Scottish energy at a crossroads as oil confidence slumps and industry looks to alternatives


Chamber of Commerce survey finds oil contractors have considerably diminished confidence in North Sea industry

THE FUTURE direction of Scottish energy production is at a crossroads as confidence in North Sea oil crumbles, an energy industry survey has found.

The Aberdeen and Grampian Chamber of Commerce’s 23rd oil and gas survey found that around two in three North Sea oil and gas contractors are considering greater investment in fracking and other unconventional gas extraction measures, and almost half are considering greater involvement in renewable energies.

The survey showed that the diversification was taking place against a mood of unprecedented uncertainty, with 78 per cent of responding contractors saying they expected to be involved in more decommissioning of operations in the North Sea in the next three to five years.

Four in five firms said they were less confident about their success than one year ago, just 16 per cent said they were operating at or above optimum levels, the lowest since 2004 when the survey began.

However, attempts at diversification may be stymied by popular opposition to unconventional gas extraction and by cuts in UK Government subsidies to renewable energy production.

Uisdean Vass of law firm Bond Dickson, who helped in carrying out the survey, was quoted on the BBC saying: “This is probably the most negative survey we have ever had and while there is little to be positive about in the short term, there are some glimmers of hope.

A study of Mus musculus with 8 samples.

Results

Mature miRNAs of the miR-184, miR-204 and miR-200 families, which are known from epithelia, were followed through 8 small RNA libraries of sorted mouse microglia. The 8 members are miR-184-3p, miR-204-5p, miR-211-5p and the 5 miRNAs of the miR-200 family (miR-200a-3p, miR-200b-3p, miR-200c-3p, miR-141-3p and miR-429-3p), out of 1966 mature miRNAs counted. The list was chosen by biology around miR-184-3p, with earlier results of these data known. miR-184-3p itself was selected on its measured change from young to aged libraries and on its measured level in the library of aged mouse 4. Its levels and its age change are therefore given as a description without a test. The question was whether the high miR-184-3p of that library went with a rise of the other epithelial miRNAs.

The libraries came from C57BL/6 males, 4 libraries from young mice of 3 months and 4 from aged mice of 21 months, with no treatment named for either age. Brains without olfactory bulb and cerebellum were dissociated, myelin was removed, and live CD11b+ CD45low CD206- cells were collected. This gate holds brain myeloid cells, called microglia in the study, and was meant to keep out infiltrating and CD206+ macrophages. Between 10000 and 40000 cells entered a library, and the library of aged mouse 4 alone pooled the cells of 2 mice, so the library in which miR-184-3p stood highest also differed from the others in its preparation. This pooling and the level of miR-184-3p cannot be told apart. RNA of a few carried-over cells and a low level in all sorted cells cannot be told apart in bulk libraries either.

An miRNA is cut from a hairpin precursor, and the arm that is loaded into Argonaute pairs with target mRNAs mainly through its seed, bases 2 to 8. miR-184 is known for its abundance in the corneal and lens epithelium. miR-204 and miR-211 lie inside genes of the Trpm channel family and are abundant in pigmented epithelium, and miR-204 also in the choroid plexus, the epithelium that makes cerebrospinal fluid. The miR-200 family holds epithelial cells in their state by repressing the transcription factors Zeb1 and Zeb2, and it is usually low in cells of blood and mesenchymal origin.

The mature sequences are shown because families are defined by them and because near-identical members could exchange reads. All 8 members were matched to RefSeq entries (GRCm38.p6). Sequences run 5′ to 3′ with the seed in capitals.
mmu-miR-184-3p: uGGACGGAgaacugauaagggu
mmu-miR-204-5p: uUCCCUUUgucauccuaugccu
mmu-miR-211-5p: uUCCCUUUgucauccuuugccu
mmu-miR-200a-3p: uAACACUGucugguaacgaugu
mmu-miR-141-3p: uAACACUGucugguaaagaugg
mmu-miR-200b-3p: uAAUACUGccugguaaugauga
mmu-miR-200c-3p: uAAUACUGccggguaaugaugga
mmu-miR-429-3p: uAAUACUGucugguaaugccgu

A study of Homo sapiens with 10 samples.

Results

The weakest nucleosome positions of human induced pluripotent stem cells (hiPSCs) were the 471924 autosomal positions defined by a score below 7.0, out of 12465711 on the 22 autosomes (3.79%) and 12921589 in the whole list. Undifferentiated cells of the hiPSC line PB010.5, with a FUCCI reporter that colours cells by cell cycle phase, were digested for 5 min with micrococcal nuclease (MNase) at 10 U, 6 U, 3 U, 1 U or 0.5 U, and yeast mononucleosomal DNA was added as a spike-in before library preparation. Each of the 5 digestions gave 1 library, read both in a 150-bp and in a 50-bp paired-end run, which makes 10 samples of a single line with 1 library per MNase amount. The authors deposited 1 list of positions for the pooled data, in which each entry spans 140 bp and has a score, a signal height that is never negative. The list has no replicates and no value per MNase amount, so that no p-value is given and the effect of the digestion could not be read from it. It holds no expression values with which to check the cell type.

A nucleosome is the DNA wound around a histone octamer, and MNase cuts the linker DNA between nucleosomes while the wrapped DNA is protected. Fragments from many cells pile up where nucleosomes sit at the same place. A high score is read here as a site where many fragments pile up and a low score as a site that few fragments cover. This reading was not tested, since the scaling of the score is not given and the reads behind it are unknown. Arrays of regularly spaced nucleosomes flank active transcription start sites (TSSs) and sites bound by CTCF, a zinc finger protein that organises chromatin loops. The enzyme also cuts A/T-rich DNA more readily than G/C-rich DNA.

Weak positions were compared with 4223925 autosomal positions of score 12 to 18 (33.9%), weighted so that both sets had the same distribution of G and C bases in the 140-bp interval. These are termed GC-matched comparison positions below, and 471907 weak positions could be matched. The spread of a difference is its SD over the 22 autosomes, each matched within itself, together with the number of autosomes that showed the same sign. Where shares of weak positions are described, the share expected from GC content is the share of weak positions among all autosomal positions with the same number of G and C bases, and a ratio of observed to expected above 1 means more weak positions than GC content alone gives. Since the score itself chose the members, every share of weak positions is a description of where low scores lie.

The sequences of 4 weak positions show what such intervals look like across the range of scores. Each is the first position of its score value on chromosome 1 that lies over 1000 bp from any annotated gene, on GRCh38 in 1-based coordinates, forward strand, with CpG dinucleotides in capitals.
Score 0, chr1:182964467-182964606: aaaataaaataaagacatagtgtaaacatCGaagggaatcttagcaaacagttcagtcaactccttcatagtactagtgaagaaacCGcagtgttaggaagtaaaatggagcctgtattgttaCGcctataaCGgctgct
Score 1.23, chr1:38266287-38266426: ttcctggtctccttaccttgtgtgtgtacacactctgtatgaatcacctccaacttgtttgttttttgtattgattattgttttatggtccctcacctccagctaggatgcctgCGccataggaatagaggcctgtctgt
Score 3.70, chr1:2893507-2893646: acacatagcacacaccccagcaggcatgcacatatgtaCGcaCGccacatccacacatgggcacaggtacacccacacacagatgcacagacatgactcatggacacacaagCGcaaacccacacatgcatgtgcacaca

“Over the next three years 28 per cent of contractors expect their numbers of core staff to increase. Neither contractors nor operators see the North Sea disappearing.

“They believe the industry can survive at $50 a barrel and that there will be a price upswing over the next three years with more room for oil company profitability because of enhanced efficiency.”

There was also bad news for workers in the industry, with 64 per cent of contractors saying they had made redundancies in 2015, with eight in 10 contractors saying they expected to continue cutting jobs in 2016.

CommonSpace reported in July that 5,500 North Sea jobs had been lost already to the international slump in oil prices.

The Office for Budget Responsibility has estimated that profits from North Sea oil will amount to just PS180m for 2015, down 94 per cent on 2014, when PS2.2bn was collected.